Leading article Australia

Kettles and chooks

29 December 2016

3:00 PM

29 December 2016

3:00 PM

After 2016, one of the most lacklustre, uneventful and stagnant years in Australian political history, there is every reason to suspect, and to hope, that 2017 will be a very different kettle of fish. Where this last year was essentially all about one thing only – keeping Malcolm Turnbull, Scott Morrison and Julie Bishop in their ill-gotten jobs – this coming year the chooks are destined to come home to roost.

And what chooks. The economy, rocketing debt, tax cuts, climate change, Islam and immigration, all of which have been allowed to fester under this water-treading government, will likely become major political issues that will shape, or even re-shape, our politics for years to come.

The twin seismic shifts of 2016 – both heralded and supported within these pages – were, of course, Brexit and Trump. The aftershocks from both events are still being felt across the globe, and will continue to rock major elections in Europe and elsewhere throughout 2017. In Australia, politicians of all hues have attempted to lay claim to vestiges of Trumpism, with both Bill Shorten and Malcolm Turnbull cheekily pretending that Trump’s victory validates their own approaches in some way or other. This is despite the fact that both men were utterly dismissive of Mr Trump’s electoral chances; Mr Shorten describing him as ‘barking mad’, and Mr Turnbull not even bothering to contact Mr Trump during his September visit to New York.

Yet three political figures can genuinely claim to be sprinkled with a touch of the Trump gold dust. Pauline Hanson is the most obvious. Her bravery and refusal to bow to political correctness, despite the savage sneering of the political/media classes, on issues such as climate change, Islam and immigration not only saw her resurrect a career that many (including, again, Mr Turnbull) flatly refused to countenance, but has seen her re-emerge amongst the new batch of politicians as a confidant, rational and (so far) principled voice. Whether she can hold it all together during what will be a tumultuous year remains to be seen, but the chances are reasonable.


Following hard on Ms Hanson’s heels is Liberal Senator Cory Bernardi. More than any other political figure, Mr Bernardi has gone all out to seize the Trump mantle, including borrowing everything from data-capturing technology to hashtags and slogans. Although they are very different beasts, Mr Bernardi does have one thing strikingly in common with Mr Trump: his absolute, unwavering ability to go to the bottom line with direct, often graphic language, on key conservative issues where most ‘bed-wetting’ politicians prefer to hide behind obfuscation and weasel words.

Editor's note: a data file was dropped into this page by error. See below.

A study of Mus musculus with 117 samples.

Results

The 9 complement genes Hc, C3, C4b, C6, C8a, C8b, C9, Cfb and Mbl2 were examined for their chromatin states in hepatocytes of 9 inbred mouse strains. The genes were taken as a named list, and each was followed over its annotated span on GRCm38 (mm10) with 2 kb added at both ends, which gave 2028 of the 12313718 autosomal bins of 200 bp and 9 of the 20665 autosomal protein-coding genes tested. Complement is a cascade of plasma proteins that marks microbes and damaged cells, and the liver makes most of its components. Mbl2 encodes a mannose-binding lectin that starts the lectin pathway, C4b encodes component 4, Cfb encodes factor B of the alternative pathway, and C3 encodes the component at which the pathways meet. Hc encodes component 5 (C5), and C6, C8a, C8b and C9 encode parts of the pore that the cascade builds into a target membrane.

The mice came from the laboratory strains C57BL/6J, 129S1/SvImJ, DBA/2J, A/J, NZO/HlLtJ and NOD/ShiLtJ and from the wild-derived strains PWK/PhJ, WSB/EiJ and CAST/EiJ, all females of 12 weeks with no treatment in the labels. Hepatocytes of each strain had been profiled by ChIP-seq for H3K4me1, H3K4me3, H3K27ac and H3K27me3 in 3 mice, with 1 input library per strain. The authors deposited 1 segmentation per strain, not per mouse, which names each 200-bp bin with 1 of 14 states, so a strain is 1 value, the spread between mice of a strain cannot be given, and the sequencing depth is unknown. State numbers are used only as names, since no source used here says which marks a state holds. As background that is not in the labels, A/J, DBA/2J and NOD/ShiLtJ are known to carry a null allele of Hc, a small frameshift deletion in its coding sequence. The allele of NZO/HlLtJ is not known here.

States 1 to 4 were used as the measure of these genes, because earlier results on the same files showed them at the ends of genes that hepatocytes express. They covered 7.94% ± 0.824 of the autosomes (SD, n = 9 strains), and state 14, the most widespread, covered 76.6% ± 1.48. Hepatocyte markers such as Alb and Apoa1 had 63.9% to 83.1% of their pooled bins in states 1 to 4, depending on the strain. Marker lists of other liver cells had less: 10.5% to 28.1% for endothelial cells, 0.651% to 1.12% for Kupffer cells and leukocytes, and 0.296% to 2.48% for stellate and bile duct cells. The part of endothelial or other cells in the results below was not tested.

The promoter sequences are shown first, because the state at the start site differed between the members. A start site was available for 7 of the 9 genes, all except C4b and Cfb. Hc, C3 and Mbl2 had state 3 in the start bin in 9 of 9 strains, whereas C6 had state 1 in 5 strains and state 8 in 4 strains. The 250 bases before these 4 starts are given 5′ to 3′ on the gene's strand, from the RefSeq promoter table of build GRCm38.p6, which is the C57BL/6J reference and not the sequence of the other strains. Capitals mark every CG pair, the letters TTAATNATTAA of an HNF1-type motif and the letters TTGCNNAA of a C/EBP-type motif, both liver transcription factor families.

As the year came to an end, Mr Bernardi continued his tantalising ‘dance of the seven veils’ towards establishing his own political party, Australian Conservatives (or Majority), out of what is already an impressive ‘movement’ and website.

Should he finally leave the Liberals, Mr Bernardi will obviously upset the political equation within the nation. A Conservative party, aligned philosophically with many Nationals, dry Liberals, One Nation, and even old-fashioned Labor voters would probably offer a more accurate reflection of where mainstream Australian values currently lie than we see with the Coalition under Malcolm Turnbull, or the modern Labor party. Whether that would translate into electoral success is a much tougher ask.

Yet here’s where Donald Trump’s actions over the next 12 months are so critical. Assuming Mr Trump does indeed ‘tear up the Paris Agreement’, dramatically lowers business taxes and thereby re-energise the American economy, it will not be possible for the Coalition to continue ‘business as usual’. The strategy of pandering to climate change mythology will be untenable if the American economy surges ahead on cheap energy, no RETs and low taxes, whilst we succumb to blackouts, spiralling bills and job losses. The choice will be stark. Either Team Turnbull will swim upstream against the Trump tide to certain electoral oblivion, or will do a dramatic about-turn and follow in the US’s slipstream: scrap Paris, slash taxes, drive the cost of energy downwards, reward investment in cheap energy production and punish those States vandalising it.

The third person with a touch of the Trumps is, of course, Tony Abbott. During his brief time in power Mr Abbott’s single-minded success in ‘stopping the boats’ was a clear inspiration for Mr Trump’s ‘build a wall’ promises. And Mr Abbott was the first world leader to recognise, as Mr Trump does, the need for the West to focus on ‘eradicating’ Islamism. Both refuse to kowtow to the ‘religion of peace’ nonsense. Although his climate policies were in certain instances flawed, Mr Abbott’s natural instincts towards climate change were correct: the job is all about reducing pollution without jacking up electricity prices, and the ideology-driven, hysteria-mongering, faux-science of the IPCC and green activists is, as he once put it, ‘crap’.

2017 beckons, with all its kettles and chooks. It should be quite a ride.